Standard Test Methods for Lightfastness of Colorants Used in Artists’ Materials
|Publication Date:||10 May 2003|
|ICS Code (Pigments and extenders):||87.060.10|
Four test methods to accelerate the effects of long term indoor illumination on artists' paints are described as follows:
Test Method A - Exposure to natural daylight filtered through glass,
Test Method B - Exposure to irradiance from daylight fluorescent lamps,
Test Method C - Exposure in xenon-arc irradiance simulating daylight filtered through glass, and
Test Method D - Exposure to irradiance from cool white fluorescent lamps and soda-lime glass filtered fluorescent UV sunlamps.
These test methods are used to approximate the color change that can be expected over time in pigments used in artists' paints in normal indoor exposure.
NOTE 1 - The color changes that result from accelerated exposure may not duplicate the results of normal indoor exposure in a home or gallery. The relative resistance to change, however, can be established so pigments can be assigned to categories of relative lightfastness.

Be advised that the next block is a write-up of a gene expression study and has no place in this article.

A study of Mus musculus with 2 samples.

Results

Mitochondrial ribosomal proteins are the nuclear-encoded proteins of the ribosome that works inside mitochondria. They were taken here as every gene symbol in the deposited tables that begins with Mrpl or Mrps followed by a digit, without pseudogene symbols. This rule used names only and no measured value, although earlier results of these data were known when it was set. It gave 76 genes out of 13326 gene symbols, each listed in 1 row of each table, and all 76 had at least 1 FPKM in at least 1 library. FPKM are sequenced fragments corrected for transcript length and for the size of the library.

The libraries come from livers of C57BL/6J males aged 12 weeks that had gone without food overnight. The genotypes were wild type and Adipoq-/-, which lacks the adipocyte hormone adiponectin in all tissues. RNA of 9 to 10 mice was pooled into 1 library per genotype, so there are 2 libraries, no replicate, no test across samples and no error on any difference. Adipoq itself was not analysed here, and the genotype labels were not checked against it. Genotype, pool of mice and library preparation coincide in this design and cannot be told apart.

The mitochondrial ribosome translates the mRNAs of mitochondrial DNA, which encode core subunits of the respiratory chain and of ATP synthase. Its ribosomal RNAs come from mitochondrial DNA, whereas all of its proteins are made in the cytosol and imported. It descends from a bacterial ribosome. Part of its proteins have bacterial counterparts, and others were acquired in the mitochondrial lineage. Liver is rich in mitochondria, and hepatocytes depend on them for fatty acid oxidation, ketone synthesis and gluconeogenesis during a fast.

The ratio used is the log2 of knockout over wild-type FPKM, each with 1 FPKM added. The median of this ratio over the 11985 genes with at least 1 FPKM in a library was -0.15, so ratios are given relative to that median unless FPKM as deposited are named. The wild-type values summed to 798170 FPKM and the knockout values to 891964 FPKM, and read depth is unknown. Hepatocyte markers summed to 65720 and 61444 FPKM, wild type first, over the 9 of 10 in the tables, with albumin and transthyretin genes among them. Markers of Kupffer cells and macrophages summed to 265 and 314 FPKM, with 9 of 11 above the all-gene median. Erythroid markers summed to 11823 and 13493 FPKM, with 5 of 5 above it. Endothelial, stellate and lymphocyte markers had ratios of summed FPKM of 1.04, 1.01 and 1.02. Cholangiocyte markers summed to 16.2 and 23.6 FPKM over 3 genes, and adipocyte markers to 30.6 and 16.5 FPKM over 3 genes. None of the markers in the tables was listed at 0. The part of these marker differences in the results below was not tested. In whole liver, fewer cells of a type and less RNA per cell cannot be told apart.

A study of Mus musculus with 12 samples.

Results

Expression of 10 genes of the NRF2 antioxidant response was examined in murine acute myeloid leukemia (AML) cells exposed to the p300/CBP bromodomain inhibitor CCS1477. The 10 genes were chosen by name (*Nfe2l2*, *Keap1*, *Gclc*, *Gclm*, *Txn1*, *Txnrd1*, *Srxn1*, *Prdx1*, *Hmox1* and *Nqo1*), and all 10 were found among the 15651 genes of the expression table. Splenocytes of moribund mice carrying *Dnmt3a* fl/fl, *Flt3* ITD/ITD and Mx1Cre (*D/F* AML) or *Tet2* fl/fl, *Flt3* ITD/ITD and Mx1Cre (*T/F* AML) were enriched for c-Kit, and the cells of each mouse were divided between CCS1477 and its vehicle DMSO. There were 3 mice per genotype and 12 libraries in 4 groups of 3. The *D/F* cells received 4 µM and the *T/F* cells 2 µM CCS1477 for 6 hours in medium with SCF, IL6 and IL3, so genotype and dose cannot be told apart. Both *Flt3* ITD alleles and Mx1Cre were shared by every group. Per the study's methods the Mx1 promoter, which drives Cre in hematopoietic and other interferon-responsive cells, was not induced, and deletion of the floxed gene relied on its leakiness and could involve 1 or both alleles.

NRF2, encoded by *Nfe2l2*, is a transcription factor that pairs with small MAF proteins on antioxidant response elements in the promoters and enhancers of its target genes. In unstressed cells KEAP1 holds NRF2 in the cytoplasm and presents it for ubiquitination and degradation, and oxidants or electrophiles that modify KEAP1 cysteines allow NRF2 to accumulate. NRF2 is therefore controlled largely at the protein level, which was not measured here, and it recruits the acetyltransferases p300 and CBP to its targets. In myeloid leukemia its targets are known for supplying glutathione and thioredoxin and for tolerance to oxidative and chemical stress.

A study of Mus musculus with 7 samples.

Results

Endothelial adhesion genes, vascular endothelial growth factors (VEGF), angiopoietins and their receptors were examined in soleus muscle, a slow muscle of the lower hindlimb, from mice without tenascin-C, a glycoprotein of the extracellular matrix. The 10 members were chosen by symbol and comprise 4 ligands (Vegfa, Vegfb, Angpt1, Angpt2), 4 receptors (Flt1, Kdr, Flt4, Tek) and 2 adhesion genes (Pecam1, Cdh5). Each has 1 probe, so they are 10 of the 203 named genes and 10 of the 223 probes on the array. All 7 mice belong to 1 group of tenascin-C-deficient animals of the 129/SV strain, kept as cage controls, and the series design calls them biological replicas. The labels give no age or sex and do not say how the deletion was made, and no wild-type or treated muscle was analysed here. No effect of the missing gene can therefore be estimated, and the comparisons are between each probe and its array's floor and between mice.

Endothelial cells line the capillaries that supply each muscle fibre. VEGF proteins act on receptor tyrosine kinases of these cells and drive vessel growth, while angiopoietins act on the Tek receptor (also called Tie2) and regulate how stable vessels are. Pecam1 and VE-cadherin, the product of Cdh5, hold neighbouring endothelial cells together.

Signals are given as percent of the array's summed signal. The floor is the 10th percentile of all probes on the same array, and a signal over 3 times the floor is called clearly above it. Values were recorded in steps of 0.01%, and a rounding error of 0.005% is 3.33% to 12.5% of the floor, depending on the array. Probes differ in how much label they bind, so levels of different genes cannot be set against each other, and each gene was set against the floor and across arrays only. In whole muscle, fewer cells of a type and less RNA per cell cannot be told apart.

Lightfastness categories are established to which pigments are assigned based on the color difference between specimens before and after exposure.
Color difference units are calculated by the CIE 1976 L*a*b* color difference equation.
These test methods apply to artists' oil, resin-oil, acrylic emulsion, alkyd, watercolor paints, and gouache paints.
The values stated in SI units are to be regarded as the standard. The values given in parentheses are for information only.
This standard does not purport to address the safety concerns, if any, associated with its use. It is the responsibility of the user of this standard to establish appropriate safety and health practices and determine the applicability of regulatory limitations prior to use.